There are over 1 billion websites onlineMinerva Studio/shutterstock
The Internet reached the 1 billion milestone in September of 2014, but the number of unique URLs living online reaches into the trillions. These webpages cover everything from news and social media to sites that give you access to free books, coupons, and more. (To compare, there were only 3,000 in 1994.) Google crawls each one by following links from site to site.
Google fields more than 100 billion searches each monthPhoto by Kham Tran via Flickr (<a href="https://creativecommons.org/licenses/by/2.0/">CC BY 2.0</a>)
The search engine giant uses software called web crawlers to basically mimic the same web-browsing behavior you do. (By the way, these keyboard shortcuts make browsing so much easier). They follow link after link to relay info about those webpages back to Google's server. Then, it's all organized into the search index.
Fifteen percent of a day's searches are completely newPhoto by Trey Ratcliff via Flickr (<a href="https://creativecommons.org/licenses/by-nc-sa/2.0/">CC BY-NC-SA 2.0</a>)
"How can I lose weight fast?" "What's up with Queen Elizabeth's neon outfits?" Google is no stranger to these often-asked questions. However, the masterminds behind Google's search engine need to be constantly learning how to provide accurate, relevant answers to new inquiries, because people are just going to keep on asking. In other words, you're teaching Google how to best present the right page for the right search.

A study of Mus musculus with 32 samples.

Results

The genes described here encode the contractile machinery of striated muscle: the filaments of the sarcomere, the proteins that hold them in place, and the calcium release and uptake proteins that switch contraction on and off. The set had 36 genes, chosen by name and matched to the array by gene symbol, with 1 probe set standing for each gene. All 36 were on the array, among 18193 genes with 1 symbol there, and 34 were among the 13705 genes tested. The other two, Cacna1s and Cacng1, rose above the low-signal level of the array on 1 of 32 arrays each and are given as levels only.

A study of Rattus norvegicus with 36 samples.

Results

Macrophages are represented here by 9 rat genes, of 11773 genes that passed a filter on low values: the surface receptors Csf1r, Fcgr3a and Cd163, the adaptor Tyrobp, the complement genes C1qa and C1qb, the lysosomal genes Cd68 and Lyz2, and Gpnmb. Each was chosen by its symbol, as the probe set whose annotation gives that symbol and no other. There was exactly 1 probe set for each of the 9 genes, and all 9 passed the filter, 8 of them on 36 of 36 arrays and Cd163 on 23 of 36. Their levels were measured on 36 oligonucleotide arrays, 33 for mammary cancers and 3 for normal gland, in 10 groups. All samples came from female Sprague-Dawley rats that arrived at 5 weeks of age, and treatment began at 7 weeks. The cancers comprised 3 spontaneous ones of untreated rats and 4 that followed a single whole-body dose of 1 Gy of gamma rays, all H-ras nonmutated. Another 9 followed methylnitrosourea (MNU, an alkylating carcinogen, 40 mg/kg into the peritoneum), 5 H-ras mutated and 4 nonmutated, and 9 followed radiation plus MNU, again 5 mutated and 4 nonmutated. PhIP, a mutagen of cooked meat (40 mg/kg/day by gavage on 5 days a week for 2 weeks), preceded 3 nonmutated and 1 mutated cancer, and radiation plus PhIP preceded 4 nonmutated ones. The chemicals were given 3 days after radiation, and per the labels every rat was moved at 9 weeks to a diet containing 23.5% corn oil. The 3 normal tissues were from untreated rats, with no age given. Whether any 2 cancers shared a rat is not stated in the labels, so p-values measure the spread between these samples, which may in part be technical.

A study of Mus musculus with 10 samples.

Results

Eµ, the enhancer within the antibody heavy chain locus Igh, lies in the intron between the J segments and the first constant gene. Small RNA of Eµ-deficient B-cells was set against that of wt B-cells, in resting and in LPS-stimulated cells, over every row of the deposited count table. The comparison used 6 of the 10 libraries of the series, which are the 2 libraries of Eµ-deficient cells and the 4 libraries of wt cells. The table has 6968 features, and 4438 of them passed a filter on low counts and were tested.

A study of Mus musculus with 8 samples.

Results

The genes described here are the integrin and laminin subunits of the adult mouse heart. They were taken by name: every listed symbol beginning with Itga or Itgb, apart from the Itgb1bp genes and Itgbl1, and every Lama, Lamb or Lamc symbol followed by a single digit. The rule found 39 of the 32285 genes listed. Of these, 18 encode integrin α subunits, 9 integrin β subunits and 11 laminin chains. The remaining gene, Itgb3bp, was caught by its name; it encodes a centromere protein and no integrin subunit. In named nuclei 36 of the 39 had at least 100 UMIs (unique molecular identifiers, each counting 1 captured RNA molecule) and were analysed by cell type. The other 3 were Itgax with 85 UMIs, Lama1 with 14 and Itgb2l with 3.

That's well beyond the storage capability of any one hard drive (and definitely bigger than cell phone storage!). It's actually over 16,000 times larger than the biggest hard drive available to consumers. But that shouldn't be surprising. After all, hundreds of billions of webpages live in that index.
Algorithms serve up the pages you wantPhoto by MoneyBlogNewz via Flickr (<a href="https://creativecommons.org/licenses/by/2.0/">CC BY 2.0</a>)
There is a set of formulas that deliver results from the index. They're programmed to take over 200 factors into account, including the exact words you use (including spelling mistakes), webpages with info that matches your query, whether any sites could be spam or have a poor user experience, and your location and search history.
Google made over 1,600 improvements to search in 2016 alonePhoto by bradleypjohnson via Flickr (<a href='https://creativecommons.org/licenses/by/2.0/">CC BY 2.0</a>)
For example, when you search for directions, you get a map of your route rather than a list of instructions. Sometimes you get a direct answer to your question, if it's something like "When does this coffee shop open?" or "What time is the show tonight?" Google partners with businesses to give you that info without searching through webpages. Now, you may even get hired, thanks to Google's new job search engine.
That alone gives users more (and quicker) access to the Google search engine. The company even owns domains similar to google.com—gooogle.com, gogle.com, etc.—to direct you to the right place even if you misspell its name. True techies know that Google also has fun tricks and shortcuts you definitely should take advantage of. Happy searching!